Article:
In 2016, Betterment harvested $176.17 in tax losses, which amounts to a $44 tax savings at the 25% tax bracket. However, this is less than my total Betterment fees for the year (I’m in the 0.25% price range), and there is little chance I’ll reach the 0.15% price range (100k+ total account balance) anytime soon. To be fair, there is no way I could have made all the trades they did with a single provider for less than they charged me. But whether or not I actually needed to make all those trades is another question altogether. Their Tax-Coordinated Portfolio (TCP) was a great product feature they rolled out, but is it helping or hurting to buy and sell the same securities multiple times in one month just to remain within a fraction of one-percent of an asset allocation target? My gut is that TCP has gone a little too far towards the unnecessary end of rebalancing frequency.

On the plus side, we made an allocation change with Betterment which was scarily easy. Due to some changes in my 401k account (some cheap Vanguard Institutional indexes became available!), I wanted to use Betterment for more of our bond holdings. The change was relatively minor, from 98/2 to 94/6 but I appreciated the ease by which a full US and International bond mix was increased. Secondly, their dividend reinvestment system is the way all portfolios should reinvest - they are treated as any other cash deposit and invested in asset classes based on whatever your portfolio needs (rather than only back into the originating security). From a performance perspective, our account is up 9.7% from July 27th, 2015 to January 8th, 2017. Stated as a time-weighted return, our Betterment portfolio achieved 3.6% versus 11.0% if we had been fully invested in only the S&P 500.

Betterment Simple Earnings: July 2015 to January 2017

Betterment Time-Weighted Returns: July 2015 to January 2017

Since Betterment rolled out TCP in September of 2016, they have made a few tweaks to the asset location priorities:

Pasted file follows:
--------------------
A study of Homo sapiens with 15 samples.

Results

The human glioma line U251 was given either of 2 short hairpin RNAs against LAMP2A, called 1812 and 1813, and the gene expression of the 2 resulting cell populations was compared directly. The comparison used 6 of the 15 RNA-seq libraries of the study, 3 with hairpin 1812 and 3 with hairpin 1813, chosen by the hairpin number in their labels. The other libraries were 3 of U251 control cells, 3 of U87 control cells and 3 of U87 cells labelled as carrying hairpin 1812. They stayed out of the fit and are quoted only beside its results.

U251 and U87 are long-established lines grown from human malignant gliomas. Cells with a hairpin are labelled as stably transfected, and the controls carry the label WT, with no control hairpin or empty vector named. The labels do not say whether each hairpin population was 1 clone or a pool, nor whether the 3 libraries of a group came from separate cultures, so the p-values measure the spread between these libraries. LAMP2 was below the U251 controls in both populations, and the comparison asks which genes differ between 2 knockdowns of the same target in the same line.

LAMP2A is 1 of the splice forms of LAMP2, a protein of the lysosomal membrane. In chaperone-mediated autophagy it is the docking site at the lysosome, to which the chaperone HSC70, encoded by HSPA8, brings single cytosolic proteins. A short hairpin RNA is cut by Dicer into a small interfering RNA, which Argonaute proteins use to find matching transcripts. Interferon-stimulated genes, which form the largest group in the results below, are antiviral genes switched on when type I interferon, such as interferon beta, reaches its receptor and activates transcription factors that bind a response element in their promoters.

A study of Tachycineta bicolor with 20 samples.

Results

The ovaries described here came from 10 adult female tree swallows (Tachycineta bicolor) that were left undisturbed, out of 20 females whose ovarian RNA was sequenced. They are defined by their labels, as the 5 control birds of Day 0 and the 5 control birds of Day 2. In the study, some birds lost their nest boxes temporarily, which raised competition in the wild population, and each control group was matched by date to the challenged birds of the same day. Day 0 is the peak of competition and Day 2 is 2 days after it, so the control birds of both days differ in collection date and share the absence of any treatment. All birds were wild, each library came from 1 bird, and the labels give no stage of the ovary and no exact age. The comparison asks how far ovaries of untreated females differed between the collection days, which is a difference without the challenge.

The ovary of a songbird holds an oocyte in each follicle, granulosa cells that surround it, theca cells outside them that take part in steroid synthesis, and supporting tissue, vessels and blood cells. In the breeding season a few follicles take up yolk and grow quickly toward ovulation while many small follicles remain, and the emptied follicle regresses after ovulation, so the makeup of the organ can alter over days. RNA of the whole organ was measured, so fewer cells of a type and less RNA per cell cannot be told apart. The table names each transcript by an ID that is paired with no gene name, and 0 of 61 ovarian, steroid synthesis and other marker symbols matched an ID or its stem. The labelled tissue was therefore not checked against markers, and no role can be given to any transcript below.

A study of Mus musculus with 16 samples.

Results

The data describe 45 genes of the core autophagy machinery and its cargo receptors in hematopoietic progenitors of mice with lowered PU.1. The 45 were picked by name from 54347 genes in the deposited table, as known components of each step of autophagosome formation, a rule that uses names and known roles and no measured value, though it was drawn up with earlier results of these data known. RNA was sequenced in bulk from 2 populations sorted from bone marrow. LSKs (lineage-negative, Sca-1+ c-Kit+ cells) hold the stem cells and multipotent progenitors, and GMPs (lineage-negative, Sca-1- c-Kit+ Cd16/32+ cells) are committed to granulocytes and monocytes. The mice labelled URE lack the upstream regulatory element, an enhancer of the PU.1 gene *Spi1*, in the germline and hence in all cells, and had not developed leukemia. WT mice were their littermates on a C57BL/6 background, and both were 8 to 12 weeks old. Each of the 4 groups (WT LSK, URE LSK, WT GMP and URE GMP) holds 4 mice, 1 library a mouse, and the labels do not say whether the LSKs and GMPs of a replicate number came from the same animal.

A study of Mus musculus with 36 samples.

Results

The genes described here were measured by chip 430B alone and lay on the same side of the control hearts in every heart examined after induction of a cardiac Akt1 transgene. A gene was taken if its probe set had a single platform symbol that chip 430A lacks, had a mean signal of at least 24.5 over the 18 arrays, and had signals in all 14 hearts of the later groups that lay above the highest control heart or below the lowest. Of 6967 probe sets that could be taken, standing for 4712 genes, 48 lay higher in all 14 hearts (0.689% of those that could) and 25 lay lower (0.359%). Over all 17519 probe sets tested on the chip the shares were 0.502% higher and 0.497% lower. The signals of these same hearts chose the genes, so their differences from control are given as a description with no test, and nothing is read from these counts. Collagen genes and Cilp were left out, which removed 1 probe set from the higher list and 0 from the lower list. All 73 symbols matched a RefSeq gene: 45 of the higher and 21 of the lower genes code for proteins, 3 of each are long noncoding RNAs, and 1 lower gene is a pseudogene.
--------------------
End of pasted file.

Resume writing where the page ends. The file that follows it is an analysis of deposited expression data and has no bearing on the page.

Asset Location Priorities with a 90/10 Allocation
  • Taxable: US Municipal Bonds -> US Total Stock Market -> US Mid-Cap Value Stocks -> US Large-Cap Value Stocks -> US Small-Cap Value Stocks -> International Medium Quality Bonds -> International Developed Stocks
  • Traditional IRA: Emerging Market Bonds -> US Medium Quality Corporate Bonds -> Emerging Market Stocks -> International Developed Stocks
  • Roth IRA: Emerging Market Stocks -> International Developed Stocks

With the start of 2017, Betterment has made a few ETF changes as well. The most notable of which is that iShares EMB is now the primary ETF for Emerging Market Bonds. They have slowly been moving my VWOB holdings to EMB during IRA rebalancing events that get triggered with each contribution. After the asset allocation rebalance to 94% stocks and 6% bonds, plus a number of contributions to both IRA and taxable portions of the account (albeit, mostly IRA) here is the breakdown of our Betterment assets across the TCP portfolio:

Betterment 94/6 TCP portoflio as of January 9th, 2017

I’m going to press on towards the two year mark, which means my time as a Betterment customer is likely on its last 6 month run. Transferring away from Betterment may be a challenge of its own as the miniscule amount of some bond holdings will be more costly to liquidate then it’s worth and a nuisance to keep active. Though given the ease of rebalancing, it may make the most sense to just rebalance back towards equities until the tiny holdings are removed prior to transferring elsewhere.